Professor emeritus Frederick Binder made quite an impact on CSI during his 24-year tenure with the College (from 1974 to 1998). Beyond teaching at the undergraduate and graduate levels, and chairing the History Department, he founded the Master of Arts in Liberal Studies [MALS] program, was instrumental in gaining approval for the MA in History program, helped to establish the General Education program, assisted in bolstering the number of faculty in the History Department, and served on the College Council and University Senate. He also was an associate dean for five years prior to the merger of Staten Island Community College and Richmond College.
Although he is retired, Prof. Binder still stays in touch with CSI, attending retirement and Christmas parties, and maintaining connections with some of his students. This is no surprise as he says that he has “very strong wonderful feelings about this College, the 24 years [that I spent here, out of 43 total]…I loved teaching, I loved the students.”
A self-described “natural-born ham and a bit of an actor,” who loves the classroom, he recalled that he used to tell his students, “I come from Massachusetts. I’m here to convert you to high culture. So it was fun.” Prof. Binder was so effective in the classroom that he received a Dolphin Award for teaching in 1983.
He also looks back fondly on his time in the History Department. “Being in the History Department, which is one of the strongest in the College, I had great colleagues. To this day, you have a perfect balance of scholarship–people who write books and publish books, but people who are also totally dedicated to teaching. This is what makes this College wonderful.”
Another thing that makes the College wonderful is the MALS program, because it encourages people to go back to college and earn an advanced degree. Prof. Binder blazed the trail for the program at CSI in the early ‘80s. He notes that back then, MALS “was a new program developing at some of the best colleges in the country, geared toward adults, particularly adults who did not have a liberal arts background, but might have had a professional background. I knew that there was a large population of adults on Staten Island who would love to come back to school. The majority were women, but not all, I’d say about 60/40, who just had time on their hands and interest in studying things they had never studied before and I thought this would be the ideal program. We attracted people from all backgrounds and it’s been extremely successful. It’s a rigorous program, but it’s a delightful program.”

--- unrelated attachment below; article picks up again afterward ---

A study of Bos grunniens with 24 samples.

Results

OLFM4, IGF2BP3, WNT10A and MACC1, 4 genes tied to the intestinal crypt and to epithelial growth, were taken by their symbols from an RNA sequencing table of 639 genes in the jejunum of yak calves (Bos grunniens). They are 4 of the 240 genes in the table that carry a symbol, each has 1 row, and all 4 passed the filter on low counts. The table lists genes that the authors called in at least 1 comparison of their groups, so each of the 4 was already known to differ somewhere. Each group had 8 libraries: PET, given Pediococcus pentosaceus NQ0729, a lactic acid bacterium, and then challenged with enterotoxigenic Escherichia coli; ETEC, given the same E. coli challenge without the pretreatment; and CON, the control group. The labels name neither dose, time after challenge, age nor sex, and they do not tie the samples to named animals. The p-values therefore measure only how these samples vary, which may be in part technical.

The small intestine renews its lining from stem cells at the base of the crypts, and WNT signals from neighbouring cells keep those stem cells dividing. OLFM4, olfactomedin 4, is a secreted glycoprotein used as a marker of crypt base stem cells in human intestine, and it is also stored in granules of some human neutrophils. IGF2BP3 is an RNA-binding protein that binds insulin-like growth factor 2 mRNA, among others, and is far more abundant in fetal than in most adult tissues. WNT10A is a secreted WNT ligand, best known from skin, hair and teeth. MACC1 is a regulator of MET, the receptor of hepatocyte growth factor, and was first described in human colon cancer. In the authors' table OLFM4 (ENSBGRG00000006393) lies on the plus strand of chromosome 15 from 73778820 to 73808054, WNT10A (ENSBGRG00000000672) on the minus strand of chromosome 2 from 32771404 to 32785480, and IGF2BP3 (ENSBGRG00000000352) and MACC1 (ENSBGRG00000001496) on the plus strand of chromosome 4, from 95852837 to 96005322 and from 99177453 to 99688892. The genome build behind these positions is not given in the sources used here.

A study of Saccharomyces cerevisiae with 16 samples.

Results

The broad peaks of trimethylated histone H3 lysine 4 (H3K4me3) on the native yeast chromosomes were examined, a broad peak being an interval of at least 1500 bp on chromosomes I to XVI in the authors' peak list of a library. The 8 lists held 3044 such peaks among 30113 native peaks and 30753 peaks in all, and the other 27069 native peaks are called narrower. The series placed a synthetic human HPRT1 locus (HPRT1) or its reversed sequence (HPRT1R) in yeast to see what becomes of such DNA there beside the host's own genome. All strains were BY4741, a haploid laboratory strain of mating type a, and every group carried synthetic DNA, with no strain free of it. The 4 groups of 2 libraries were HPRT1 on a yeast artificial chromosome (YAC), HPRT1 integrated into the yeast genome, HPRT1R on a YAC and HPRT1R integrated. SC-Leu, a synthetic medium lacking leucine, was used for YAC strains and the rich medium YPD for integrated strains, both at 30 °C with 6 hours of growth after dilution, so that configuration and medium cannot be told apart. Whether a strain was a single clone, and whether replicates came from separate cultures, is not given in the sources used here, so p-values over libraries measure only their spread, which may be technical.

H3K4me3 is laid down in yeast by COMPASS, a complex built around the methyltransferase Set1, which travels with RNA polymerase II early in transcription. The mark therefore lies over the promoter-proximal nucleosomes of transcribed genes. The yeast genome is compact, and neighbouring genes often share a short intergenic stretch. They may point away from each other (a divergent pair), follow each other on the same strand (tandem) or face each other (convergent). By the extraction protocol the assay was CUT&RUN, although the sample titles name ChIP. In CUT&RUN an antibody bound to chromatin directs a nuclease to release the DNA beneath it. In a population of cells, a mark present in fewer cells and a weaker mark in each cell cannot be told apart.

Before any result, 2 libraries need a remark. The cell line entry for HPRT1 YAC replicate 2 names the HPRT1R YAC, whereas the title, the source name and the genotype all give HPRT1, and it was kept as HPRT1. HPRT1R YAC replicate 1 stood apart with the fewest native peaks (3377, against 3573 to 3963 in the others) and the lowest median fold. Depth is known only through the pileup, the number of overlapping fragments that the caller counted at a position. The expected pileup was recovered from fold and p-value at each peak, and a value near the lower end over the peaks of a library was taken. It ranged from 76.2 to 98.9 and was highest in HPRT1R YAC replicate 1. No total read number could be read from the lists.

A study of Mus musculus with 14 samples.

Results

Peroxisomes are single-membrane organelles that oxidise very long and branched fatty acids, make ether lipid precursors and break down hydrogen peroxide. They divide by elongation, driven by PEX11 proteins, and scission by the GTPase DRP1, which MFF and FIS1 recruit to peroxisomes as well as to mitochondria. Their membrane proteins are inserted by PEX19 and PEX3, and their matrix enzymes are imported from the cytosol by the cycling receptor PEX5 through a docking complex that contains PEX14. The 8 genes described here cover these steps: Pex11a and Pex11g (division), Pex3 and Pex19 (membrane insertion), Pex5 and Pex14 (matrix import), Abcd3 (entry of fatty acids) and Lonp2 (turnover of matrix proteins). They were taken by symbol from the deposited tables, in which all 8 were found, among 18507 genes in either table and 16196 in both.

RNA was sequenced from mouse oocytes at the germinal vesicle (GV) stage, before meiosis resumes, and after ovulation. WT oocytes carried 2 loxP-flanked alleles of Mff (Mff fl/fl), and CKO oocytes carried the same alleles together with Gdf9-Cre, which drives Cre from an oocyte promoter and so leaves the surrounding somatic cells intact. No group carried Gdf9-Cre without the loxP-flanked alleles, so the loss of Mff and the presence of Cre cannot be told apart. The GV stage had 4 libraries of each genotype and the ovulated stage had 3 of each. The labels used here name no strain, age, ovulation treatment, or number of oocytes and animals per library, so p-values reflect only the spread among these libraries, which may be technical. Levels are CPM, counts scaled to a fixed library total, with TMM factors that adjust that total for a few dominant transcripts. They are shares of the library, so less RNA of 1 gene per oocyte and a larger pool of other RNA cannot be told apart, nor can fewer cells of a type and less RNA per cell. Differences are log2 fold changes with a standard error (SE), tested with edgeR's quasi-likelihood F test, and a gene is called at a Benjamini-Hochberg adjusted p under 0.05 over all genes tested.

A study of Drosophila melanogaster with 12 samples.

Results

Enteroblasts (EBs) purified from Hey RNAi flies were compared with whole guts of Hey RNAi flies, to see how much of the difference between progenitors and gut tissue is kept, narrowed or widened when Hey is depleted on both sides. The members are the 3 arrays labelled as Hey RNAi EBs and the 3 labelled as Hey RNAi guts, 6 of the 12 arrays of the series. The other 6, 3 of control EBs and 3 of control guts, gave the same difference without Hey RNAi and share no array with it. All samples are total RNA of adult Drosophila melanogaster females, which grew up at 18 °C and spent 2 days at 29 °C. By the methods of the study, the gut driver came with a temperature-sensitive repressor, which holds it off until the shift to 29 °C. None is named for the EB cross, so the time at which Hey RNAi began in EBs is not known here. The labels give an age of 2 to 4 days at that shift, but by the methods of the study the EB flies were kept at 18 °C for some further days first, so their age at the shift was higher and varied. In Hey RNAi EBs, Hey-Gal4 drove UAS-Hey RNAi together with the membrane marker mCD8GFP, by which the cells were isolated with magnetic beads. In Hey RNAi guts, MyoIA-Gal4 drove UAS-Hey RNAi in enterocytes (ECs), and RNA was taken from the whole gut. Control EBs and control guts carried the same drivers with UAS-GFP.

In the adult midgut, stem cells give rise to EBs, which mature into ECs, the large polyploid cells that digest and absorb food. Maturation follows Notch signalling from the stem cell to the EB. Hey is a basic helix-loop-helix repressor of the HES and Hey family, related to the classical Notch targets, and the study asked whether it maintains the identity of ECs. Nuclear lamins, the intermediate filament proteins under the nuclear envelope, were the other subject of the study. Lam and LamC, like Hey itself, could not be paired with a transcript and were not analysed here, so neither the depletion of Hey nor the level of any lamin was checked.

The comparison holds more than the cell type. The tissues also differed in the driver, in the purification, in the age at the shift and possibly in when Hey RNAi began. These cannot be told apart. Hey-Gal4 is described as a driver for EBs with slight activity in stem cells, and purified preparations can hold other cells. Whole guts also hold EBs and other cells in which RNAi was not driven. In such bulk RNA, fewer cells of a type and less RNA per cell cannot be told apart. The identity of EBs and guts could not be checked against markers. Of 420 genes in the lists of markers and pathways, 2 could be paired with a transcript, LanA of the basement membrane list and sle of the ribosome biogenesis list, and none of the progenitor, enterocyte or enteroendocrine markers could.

The program was a success then, as it is now. Prof. Binder notes in the beginning that MALS was received “very well. We had no problems filling the classes at that time and many of the students had graduated from other colleges, lived on Staten Island, but really didn’t know the College that well.” Others came from CSI or elsewhere and some went on to get PhDs.
Prof. Binder also attended and spoke at the November 2008 MALS 25th Anniversary Reunion on campus, stating that the event “was really something because I had students whom I had 25 years ago come back. Even secretaries who had come and gone came back.”
So, now that he has been gone for a while, what does he miss most about CSI? “I miss the students and standing in front of the class,” he says, adding with a chuckle “I don’t miss grading papers, because I gave only essay questions.”
Even though he is no longer in the classroom, Prof. Binder is keeping current in his field. He is co-editor of a two-volume social history called The Way We Lived: Essays and Documents in American Social History, now in its sixth edition, a work that joins the five books that he wrote while he taught at CSI.
Prof. Binder continues his contributions to the College, including a planned gift. He is among a group of donors who have made financial or estate gifts of any size through wills, trusts, and other planned gifts. These donors are members of CSI’s Legacy Society. To request information on how you can make a planned gift, please call 718.982.2365 or email email@example.com.